No talks with India if Kashmir dispute off the table, says Aziz

Says Pakistan will continue to support people of disputed region

Kamran Yousaf July 13, 2015
Sartaj Aziz briefs the media in Islamabad. PHOTO: AFP


Prime Minister Nawaz Sharif’s top foreign policy aide has made it clear that Pakistan will not start formal dialogue with India unless the longstanding Kashmir dispute is on the agenda.

The statement from Sartaj Aziz came days after an icebreaking meeting between Premier Nawaz and his Indian counterpart Narendra Modi in the Russian city of Ufa on the margins of the summit of the Shanghai Cooperation Organisation.

“We are not going to beg for dialogue. If India follows up this with the next step of seeking formal dialogue, then I can assure you that no dialogue will take place unless Kashmir is on the agenda,” Aziz told reporters at a news conference on Monday.

The government has come under fire over the Nawaz-Modi meeting with some opposition politicians insisting the joint statement issued after the Ufa rendezvous did not reflect Islamabad’s stance on several key issues, including Kashmir.

In an attempt to clarify the government’s position, Aziz dismissed the criticism, saying all issues, including Kashmir as well as the recent Indian statements against Pakistan, were discussed during the meeting.

He said the July 10 meeting was not the formal start of dialogue but would serve to achieve one major objective that was to lower tensions and create an environment for meaningful talks on all issues of importance for both countries.

The premier’s aide added that the joint statement clearly recognised India and Pakistan had a collective responsibility to ensure peace and promote development, and to do so they were prepared to discuss all the outstanding issues.

“We all know what these outstanding issues are. Kashmir, of course, tops the list of outstanding issues, but there are other important matters also like Siachen, Sir Creek, interference [in internal affairs] and water,” he added.

Aziz said Pakistan would continue to extend political, moral and diplomatic support to our Kashmiri brethren. The two sides have agreed to revive ‘Track II dialogue’ to explore ways of resolving issues that have been lingering for a long time and need to be resolved in order to give peace a chance. “Modalities for Track II dialogue will be worked out through diplomatic channels,” he said.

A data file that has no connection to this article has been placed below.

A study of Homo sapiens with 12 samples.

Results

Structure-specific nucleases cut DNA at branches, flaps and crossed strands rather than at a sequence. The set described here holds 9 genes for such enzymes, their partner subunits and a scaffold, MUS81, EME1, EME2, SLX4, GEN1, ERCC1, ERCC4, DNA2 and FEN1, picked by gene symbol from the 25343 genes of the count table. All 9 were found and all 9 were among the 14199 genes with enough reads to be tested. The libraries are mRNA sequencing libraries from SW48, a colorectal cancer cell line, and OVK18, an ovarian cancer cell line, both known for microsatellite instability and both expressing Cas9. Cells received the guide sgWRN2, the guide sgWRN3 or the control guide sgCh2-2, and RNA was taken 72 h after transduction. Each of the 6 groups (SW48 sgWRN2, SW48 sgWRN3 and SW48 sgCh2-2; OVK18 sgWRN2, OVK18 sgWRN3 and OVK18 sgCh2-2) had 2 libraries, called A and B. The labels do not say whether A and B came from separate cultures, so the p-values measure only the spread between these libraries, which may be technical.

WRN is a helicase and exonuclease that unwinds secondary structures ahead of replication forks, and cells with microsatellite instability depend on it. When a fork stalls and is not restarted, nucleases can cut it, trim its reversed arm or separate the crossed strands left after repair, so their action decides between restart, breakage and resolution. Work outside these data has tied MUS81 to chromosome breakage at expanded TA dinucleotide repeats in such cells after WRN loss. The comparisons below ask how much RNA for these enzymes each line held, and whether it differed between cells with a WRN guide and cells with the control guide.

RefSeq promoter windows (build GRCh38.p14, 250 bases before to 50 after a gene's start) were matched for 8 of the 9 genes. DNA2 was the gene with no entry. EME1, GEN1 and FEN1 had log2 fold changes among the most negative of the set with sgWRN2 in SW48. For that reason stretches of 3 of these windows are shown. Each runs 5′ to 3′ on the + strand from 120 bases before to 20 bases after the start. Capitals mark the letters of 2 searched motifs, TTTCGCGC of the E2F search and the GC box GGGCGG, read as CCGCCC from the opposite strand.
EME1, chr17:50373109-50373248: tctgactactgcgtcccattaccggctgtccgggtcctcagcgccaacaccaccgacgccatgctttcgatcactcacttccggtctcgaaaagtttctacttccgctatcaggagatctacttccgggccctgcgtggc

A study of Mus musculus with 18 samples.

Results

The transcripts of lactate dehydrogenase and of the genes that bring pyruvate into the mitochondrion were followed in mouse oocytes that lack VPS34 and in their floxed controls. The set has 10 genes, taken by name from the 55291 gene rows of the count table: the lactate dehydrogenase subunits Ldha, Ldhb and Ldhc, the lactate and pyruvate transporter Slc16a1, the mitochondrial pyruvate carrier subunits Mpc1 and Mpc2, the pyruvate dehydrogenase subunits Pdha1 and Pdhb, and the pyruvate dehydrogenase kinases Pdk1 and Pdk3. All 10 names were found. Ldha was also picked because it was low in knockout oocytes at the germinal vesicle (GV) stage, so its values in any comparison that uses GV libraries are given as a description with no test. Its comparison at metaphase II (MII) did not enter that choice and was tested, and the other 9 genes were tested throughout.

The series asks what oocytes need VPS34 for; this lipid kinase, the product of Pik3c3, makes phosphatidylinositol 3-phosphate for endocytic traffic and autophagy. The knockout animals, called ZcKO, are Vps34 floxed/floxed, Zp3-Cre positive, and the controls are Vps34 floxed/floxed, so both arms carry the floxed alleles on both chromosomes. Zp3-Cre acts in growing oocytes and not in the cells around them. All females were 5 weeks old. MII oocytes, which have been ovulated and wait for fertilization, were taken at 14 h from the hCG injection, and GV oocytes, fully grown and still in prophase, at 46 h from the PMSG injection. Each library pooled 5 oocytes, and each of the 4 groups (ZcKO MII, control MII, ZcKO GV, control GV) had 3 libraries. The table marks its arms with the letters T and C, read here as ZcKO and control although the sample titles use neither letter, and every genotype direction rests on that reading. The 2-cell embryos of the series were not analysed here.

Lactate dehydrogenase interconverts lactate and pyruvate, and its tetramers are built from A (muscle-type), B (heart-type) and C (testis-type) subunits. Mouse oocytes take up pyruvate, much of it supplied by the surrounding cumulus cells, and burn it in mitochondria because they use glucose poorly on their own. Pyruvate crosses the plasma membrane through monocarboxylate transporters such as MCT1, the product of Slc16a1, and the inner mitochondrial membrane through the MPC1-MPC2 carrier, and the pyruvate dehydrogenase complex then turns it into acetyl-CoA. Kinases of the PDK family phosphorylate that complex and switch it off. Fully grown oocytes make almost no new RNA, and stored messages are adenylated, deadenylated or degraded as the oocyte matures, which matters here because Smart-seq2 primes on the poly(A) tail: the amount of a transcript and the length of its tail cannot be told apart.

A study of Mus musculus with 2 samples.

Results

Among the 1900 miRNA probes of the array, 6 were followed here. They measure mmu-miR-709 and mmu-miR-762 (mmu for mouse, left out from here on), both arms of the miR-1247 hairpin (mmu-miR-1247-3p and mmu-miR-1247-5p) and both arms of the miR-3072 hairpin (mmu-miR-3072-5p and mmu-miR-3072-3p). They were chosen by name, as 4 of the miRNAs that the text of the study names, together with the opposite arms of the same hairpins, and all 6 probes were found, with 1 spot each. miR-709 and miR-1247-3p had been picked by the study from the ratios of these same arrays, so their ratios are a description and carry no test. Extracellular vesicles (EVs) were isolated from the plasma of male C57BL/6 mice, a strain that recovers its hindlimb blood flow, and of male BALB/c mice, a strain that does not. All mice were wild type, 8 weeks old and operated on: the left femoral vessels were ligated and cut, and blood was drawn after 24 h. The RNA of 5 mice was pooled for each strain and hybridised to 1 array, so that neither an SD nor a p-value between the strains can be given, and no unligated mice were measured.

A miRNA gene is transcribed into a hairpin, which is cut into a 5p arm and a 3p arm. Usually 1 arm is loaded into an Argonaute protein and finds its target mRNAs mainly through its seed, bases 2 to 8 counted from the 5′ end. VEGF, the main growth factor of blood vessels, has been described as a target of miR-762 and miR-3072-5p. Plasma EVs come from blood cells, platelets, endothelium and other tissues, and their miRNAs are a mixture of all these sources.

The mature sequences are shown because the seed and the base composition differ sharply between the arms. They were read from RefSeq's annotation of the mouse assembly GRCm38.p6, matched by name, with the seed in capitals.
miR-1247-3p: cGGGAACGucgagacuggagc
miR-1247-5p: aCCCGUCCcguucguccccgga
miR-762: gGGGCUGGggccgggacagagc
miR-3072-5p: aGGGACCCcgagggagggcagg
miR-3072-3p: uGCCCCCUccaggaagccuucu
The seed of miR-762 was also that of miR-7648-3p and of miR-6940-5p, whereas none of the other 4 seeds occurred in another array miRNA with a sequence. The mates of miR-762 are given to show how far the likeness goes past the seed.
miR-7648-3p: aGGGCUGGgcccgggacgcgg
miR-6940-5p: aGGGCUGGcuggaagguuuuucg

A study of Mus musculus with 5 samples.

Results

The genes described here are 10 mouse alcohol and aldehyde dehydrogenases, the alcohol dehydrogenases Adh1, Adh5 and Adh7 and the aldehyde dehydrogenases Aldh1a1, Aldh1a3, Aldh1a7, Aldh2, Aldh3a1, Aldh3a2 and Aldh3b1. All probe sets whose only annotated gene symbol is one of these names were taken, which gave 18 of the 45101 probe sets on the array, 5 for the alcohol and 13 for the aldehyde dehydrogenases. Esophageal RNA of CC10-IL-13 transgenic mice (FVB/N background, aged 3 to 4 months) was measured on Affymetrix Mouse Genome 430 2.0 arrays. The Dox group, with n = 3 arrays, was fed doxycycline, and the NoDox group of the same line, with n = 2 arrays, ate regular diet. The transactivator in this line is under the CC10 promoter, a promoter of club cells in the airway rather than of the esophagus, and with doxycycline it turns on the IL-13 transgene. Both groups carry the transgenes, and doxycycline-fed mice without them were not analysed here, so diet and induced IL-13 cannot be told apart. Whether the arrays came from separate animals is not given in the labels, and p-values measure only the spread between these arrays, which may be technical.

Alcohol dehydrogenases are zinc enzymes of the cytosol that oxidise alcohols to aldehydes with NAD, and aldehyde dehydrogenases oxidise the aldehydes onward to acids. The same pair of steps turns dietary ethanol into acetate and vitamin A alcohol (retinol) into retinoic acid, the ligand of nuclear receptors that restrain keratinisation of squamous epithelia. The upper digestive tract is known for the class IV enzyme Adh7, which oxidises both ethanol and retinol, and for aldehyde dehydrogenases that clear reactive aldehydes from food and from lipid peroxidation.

Responding to criticism that the prime minister did not take up concerns over India’s alleged involvement in Pakistan’s affairs, Aziz claimed there was frank discussion on the concerns from both sides.

“Pakistan has been deeply concerned not only about the hostile statements of Indian ministers but also about India’s interference in Pakistan, including support for Balochistan insurgency,” he said. India on the other hand, he pointed out, has been repeating its traditional accusation of cross-border terrorism while overlooking the decisive counterterrorism campaign launched by Pakistan.

“To address these acrimonious concerns, the two sides have agreed that the national security advisers of the two countries should meet – first in New Delhi and then in Islamabad,” he added.

Asked whether Pakistan would now raise the issue of Indian interference at the UN, Aziz said the decision whether to go to the UN or not would be taken only after the meeting between the two security advisers.

He said the Nawaz-Modi meeting had provided an opportunity to identify some areas where the two countries could promote cooperation right away in order to reduce tensions and hostilities. “Peace and tranquillity on the LoC and the Working Boundary is in the interest of both countries,” he stressed.

Aziz said that Premier Nawaz had also sought information on the progress made in the trial of Samjhauta Express terrorist attack and ‘additional information’ on the Mumbai attacks of 2008.

For the prime minister, a peaceful neighbourhood was the centrepiece of his foreign policy vision, he said. “Why? Because this will best promote our national interests and also create the conditions wherein the government can focus its resources on the socioeconomic uplift of the people,” he added.

Aziz, however, made it clear that Pakistan would protect its national interests while pursuing this policy.

Published in The Express Tribune, July 14th, 2015.